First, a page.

What is the modern way of interpreting Hubble's law? I mean, if the galaxies have no proper motion? Then, is it still valid to use the Doppler effect ($v=zc$) to calculate a velocity? What does "velocity" in Hubble's law mean, and how is it related to the observed redshift?

Most of the information on the Internet seems to be self-contradicting and/or inaccurate.


Actually, whether or not a distant galaxy is receding from us because of expansion or some other reason, the Doppler shift will be the same.

(As a matter of fact, with the exception of spatial curvature and the cosmological constant, the Friedmann equations of an expanding universe can be derived purely from Newtonian physics; this is done, e.g., in Mukhanov's book, Physical Foundations of Cosmology).

And the determination of Hubble's constant is in principle the same as it has ever been: you take a set of objects (Cepheid variables, Type Ia supernovae, whatever) the absolute luminosity of which can be determined independent of their distance, compare it to their observed luminosity and obtain an estimate of their distance; and then measure the Doppler shift in their spectra and obtain an estimate of their line-of-sight velocity.

  • $\begingroup$ You are describing the same phenomenon in two different ways. Take a family of observers that see the universe as isotropic (i.e., they see themselves at rest relative the CMB). These observers are not at rest relative to each other, thus a ray of light moving from observer to observer will appear increasingly redshifted. But not because its energy is sucked away by some "force of expansion" but because of the very real relative motion of these "at rest" observers. (BTW, "inflation" and "proper motion" mean something else, but I understood what you meant to say.) $\endgroup$ – Viktor Toth Sep 7 '15 at 13:20

In a uniformly expanding universe, it is easy to demonstrate that recessional velocity (as viewed from any point) is proportional to the instantaneous distance to another point.

The relationship with observed redshift is much more complicated and depends on the cosmological parameters that determine what happens to the universe between when the light was emitted and when it is received. You can find it as equation (1) in Davis & Lineweaver (2003); it depends on the matter density, dark energy density and the current Hubble parameter. Davis & Lineweaver perfomr some calculations and provide the plot below. At small distances, the approximation $v = cz$ works well, and it was actually a relationship between redshift and distance that was originally discovered and referred to as Hubble's law.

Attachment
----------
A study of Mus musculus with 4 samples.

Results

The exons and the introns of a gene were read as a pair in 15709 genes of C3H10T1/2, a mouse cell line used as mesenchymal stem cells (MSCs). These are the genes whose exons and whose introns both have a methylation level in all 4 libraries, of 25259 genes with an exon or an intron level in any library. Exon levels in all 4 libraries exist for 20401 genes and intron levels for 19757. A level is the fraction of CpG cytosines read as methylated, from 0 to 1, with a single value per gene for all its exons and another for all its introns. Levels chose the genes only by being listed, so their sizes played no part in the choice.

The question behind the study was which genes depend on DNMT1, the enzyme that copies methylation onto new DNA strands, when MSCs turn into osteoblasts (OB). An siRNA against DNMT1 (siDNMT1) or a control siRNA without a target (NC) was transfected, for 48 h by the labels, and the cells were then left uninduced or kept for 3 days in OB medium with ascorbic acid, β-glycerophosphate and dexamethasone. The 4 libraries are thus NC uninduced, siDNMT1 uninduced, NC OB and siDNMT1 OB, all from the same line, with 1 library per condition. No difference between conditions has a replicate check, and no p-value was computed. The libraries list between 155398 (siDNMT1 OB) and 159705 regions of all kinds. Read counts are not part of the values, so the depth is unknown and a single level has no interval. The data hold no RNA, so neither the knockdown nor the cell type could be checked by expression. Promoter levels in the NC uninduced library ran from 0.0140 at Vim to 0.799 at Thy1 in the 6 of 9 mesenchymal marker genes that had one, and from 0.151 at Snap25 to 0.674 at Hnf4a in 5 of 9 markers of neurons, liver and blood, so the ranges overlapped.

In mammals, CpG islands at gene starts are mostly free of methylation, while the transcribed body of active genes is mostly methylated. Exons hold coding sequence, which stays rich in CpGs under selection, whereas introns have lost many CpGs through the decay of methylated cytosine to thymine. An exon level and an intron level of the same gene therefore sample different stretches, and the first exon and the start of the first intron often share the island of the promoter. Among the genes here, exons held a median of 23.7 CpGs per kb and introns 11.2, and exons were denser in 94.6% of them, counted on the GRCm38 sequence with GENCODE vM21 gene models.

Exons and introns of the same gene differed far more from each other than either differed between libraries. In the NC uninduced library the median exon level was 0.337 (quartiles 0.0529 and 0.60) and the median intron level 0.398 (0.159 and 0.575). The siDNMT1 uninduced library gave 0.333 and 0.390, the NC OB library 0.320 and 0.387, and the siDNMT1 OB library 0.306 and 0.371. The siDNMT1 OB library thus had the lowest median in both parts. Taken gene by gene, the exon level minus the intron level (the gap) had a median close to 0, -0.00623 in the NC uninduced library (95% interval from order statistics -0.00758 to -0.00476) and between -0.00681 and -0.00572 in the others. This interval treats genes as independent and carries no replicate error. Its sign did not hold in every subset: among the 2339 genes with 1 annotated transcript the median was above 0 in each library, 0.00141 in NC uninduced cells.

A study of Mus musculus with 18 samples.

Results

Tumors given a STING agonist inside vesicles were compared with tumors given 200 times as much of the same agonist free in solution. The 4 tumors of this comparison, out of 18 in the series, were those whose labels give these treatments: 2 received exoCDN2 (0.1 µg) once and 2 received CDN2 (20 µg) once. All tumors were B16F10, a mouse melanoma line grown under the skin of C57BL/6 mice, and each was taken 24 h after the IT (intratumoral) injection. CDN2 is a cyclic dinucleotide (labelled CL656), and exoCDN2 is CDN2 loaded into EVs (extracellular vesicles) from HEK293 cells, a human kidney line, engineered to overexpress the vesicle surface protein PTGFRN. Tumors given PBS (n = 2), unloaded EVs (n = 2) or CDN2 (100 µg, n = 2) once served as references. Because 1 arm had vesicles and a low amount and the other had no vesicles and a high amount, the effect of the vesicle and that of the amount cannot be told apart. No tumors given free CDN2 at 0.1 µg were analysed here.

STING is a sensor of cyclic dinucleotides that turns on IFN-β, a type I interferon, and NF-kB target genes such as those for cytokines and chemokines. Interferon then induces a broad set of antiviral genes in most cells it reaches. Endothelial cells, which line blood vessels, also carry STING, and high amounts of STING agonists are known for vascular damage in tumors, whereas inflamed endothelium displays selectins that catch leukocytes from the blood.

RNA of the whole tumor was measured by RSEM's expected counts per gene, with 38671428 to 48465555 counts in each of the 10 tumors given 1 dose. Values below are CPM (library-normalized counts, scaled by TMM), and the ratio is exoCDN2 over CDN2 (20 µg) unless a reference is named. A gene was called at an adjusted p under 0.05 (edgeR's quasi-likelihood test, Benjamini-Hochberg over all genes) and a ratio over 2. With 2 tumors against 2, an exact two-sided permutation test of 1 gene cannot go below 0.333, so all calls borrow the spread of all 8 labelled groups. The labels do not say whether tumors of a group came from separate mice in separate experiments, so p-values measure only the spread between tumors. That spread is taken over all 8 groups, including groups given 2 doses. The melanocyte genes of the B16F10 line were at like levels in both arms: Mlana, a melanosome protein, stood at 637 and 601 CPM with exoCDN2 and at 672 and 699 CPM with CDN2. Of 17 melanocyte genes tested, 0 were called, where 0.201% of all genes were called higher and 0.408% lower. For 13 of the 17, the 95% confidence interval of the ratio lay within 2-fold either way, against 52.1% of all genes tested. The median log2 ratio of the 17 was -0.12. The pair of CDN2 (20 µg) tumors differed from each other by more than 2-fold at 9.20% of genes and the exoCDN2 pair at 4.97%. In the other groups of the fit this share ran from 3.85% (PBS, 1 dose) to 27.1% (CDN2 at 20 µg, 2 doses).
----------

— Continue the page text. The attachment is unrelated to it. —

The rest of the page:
Recession velocity vs z from Davis & Lineweaver (2003) The redshift caused by the expansion of the universe is experimentally indistinguishable from the doppler shift caused by a recession velocity. However, at large redshifts, the recession velocity you would calculate from an observed redshift, even taking account of the special relativistic formula for doppler shift, would not yield the correct recession velocity on the left hand side of Hubble's law. Indeed the recession velocity can exceed the speed of light e.g. How Are Galaxies Receding Faster Than Light Visible To Observers?

A modern day "Hubble's Law" plots distance (or apparent magnitude of a standard candle) against $cz$ and it is curved at high redshifts. Note though that $cz$ can and does exceed $c$ and this should not be directly interpreted as a velocity.


The same effect happens with light waves. If an object moves toward us, the light waves it gives off will be pushed together - the light's wavelength will be shorter, so the light will become bluer. If an object moves away from us, its light waves will be stretched out, and will become redder. The degree of "redshift" or "blueshift" is directly related to the object's speed in the direction we are looking.Using a car as an example. The speeds of cars are much too small for us to notice any redshift or blueshift. But galaxies are moving fast enough with respect to us that we can see a noticeable shift.